U.S. Supreme Court Grants Review in Case of Baker Seeking Religious Exemption from LGBT Law

By Adam Polaski • June 26, 2017 • 9:49 am

Today, June 26, the United States Supreme Court granted review in Craig and Mullins v. Masterpiece Cakeshop, a legal challenge from the American Civil Liberties Union concerning a business owner in Colorado who denied service to a same-sex couple, David Mullins & Charlie Craig, because they are gay. The business owner seeks a religious exemption to a longstanding non-discrimination law in Colorado prohibiting discrimination in public accommodations based on sexual orientation and gender identity.

The bakery is represented by the Alliance Defending Freedom, an organization that works aggressively to restrict and roll back non-discrimination protections and basic equality for LGBT Americans.

When considering the case, the U.S. Supreme Court must consider the reality that many courts and commissions have affirmed in this specific case that Masterpiece Cakeshop is in no way entitled to a religious exemption from the Colorado Public Accommodations Law. In December 2013 Administrative Judge Robert Spencer of the Colorado Office of Administrative Courts issued a decision to that effect, and in 2014 the Colorado Civil Rights Commission ruled against the business. A 2015 ruling from the Colorado Court of Appeals affirmed the decision, and when asked for review, the Colorado Supreme Court denied review in 2016. We are confident that when arguments are presented in the coming year, the Supreme Court will come to the same conclusion.

No one should be able to deny service to someone based a person’s customer’s sexual orientation. Religious freedom is undoubtedly important – it is one of our nation’s most cherished freedoms, it’s already protected by the U.S. Constitution, and no one is trying to change that. But religious freedom does not give anyone the right to impose their beliefs on anyone else or discriminate against other people. That’s what the Alliance Defending Freedom is trying to win at the U.S. Supreme Court – and that’s what our nation’s highest court must deny.

Kasey Suffredini, Acting CEO & President of Strategy of Freedom for All Americans, said today:

David and Charlie were unfairly denied service at a business because of their sexual orientation — a clear violation of Colorado’s longtime nondiscrimination law. When the Supreme Court hears this case, the justices should consider the reality that businesses who serve the public are expected to be open to everyone, without exception. All of us cherish the American promise of religious freedom as protected under the U.S. Constitution, but that doesn’t give anyone the right to discriminate against others. This case will be an important opportunity to have a national conversation about the values we all share as Americans and the importance of equal treatment for everyone.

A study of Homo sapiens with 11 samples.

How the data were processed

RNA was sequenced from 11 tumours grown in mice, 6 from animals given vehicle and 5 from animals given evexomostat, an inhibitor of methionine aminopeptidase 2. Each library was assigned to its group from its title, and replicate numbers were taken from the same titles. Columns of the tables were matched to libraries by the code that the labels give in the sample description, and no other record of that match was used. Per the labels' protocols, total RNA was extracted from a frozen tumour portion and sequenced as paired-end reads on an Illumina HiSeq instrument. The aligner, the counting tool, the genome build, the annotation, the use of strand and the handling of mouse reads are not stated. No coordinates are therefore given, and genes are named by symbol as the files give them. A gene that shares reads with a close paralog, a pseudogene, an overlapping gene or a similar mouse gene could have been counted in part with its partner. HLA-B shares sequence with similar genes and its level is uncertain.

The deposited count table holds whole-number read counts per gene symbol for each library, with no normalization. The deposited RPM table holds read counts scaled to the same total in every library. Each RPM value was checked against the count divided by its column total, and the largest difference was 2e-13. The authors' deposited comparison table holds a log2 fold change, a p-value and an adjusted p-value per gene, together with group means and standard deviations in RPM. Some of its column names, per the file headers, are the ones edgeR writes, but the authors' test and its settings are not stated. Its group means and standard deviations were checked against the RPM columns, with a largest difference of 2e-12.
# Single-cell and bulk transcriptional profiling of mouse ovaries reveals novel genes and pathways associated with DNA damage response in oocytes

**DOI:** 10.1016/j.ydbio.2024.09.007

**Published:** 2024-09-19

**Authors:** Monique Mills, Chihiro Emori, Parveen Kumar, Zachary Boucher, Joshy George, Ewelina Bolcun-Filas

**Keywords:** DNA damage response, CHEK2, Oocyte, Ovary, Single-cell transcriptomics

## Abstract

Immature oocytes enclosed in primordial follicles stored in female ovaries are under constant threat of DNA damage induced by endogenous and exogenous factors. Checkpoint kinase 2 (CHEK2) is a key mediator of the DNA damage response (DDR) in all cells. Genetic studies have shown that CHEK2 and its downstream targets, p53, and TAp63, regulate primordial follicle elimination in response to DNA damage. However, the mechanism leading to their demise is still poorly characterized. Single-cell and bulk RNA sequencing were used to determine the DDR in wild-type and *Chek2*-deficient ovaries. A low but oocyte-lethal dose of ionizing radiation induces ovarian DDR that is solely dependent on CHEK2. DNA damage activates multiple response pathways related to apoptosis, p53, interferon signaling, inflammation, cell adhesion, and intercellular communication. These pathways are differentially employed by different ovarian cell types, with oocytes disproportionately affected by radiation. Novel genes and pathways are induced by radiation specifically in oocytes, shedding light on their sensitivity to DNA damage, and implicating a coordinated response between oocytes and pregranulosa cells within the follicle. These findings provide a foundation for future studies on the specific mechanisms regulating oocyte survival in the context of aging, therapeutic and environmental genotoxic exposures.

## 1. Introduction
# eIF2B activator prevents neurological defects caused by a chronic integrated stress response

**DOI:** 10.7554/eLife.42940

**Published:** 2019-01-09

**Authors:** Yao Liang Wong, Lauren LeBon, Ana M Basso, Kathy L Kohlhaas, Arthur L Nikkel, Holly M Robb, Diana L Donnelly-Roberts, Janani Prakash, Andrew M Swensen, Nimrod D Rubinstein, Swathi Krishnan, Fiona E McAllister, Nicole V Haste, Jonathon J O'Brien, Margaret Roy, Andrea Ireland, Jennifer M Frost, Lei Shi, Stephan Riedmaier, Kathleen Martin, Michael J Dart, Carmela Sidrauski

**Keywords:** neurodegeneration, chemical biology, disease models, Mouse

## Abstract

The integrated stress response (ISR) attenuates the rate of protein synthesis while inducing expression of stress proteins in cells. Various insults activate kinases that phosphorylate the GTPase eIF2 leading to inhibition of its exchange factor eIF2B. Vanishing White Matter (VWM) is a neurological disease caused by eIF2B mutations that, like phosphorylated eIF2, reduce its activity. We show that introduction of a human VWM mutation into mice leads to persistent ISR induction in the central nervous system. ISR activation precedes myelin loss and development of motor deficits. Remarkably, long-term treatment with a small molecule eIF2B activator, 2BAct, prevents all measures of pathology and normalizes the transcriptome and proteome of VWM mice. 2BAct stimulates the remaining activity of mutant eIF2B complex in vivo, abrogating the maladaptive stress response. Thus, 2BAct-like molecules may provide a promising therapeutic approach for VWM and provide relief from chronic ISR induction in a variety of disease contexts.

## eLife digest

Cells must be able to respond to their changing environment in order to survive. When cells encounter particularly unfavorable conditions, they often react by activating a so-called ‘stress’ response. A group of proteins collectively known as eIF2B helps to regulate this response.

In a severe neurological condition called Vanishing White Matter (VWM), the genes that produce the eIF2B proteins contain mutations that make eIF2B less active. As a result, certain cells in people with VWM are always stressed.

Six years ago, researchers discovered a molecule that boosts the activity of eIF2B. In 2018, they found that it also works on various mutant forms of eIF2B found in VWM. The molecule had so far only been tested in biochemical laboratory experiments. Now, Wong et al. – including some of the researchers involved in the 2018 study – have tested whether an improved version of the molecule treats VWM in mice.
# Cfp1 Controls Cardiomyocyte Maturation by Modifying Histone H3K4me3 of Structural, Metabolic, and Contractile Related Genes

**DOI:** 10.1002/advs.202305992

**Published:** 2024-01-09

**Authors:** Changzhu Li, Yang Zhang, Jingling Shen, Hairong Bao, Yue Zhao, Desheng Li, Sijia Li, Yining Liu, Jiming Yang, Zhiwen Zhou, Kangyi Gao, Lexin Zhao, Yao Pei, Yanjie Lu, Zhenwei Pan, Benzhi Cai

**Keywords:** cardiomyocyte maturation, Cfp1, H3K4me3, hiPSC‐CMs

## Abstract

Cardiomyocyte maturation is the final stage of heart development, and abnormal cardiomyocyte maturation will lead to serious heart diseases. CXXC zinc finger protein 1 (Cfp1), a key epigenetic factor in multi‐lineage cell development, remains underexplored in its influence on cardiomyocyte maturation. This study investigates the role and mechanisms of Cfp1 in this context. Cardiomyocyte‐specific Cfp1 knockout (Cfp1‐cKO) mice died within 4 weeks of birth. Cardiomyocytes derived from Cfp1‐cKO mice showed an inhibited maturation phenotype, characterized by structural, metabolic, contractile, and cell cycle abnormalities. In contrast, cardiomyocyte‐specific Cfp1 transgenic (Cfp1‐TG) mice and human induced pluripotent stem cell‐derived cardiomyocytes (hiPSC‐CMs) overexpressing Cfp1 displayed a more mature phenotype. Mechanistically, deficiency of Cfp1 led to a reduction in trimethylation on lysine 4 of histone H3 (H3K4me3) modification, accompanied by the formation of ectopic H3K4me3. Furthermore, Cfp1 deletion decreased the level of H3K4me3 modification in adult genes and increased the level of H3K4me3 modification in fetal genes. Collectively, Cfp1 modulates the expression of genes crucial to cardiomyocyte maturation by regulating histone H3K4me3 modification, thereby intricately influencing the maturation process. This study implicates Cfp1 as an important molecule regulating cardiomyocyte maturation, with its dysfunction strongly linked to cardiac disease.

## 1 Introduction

After all, religious exemptions aren’t just about bakeries refusing to sell products to same-sex couples. As we are seeing with a draft executive order from the Trump Administration, religious exemptions can have far-reaching and damaging consequences for everyday LGBT people. In recent years, especially following the Supreme Court decision granting the freedom to marry to same-sex couples and a stark rise in visibility for transgender Americans, some businesses and individuals have made an aggressive push for a license to discriminate – from child welfare providers seeking to deny children a home with loving same-sex couples to businesses who wish to deny equal treatment to all LGBT people to religious hospitals refusing urgent care to transgender people.
As a nation, we decided a long time ago that businesses that are open to the public should be open to everyone on the same terms. Businesses shouldn’t be able to pick and choose who to serve based on their religious beliefs.

Overwhelmingly, Americans oppose policies that allow businesses to cite their religious beliefs as an excuse for discrimination. A July 2015 poll from Small Business Majority, American Unity Fund and the Center for American Progress found that a supermajority of business owners – 66 percent – believed business owners should not be able to deny goods or services to LGBT people based on the owner’s religious beliefs. That poll also found that 80 percent of small business owners support comprehensive federal nondiscrimination protections for LGBT people.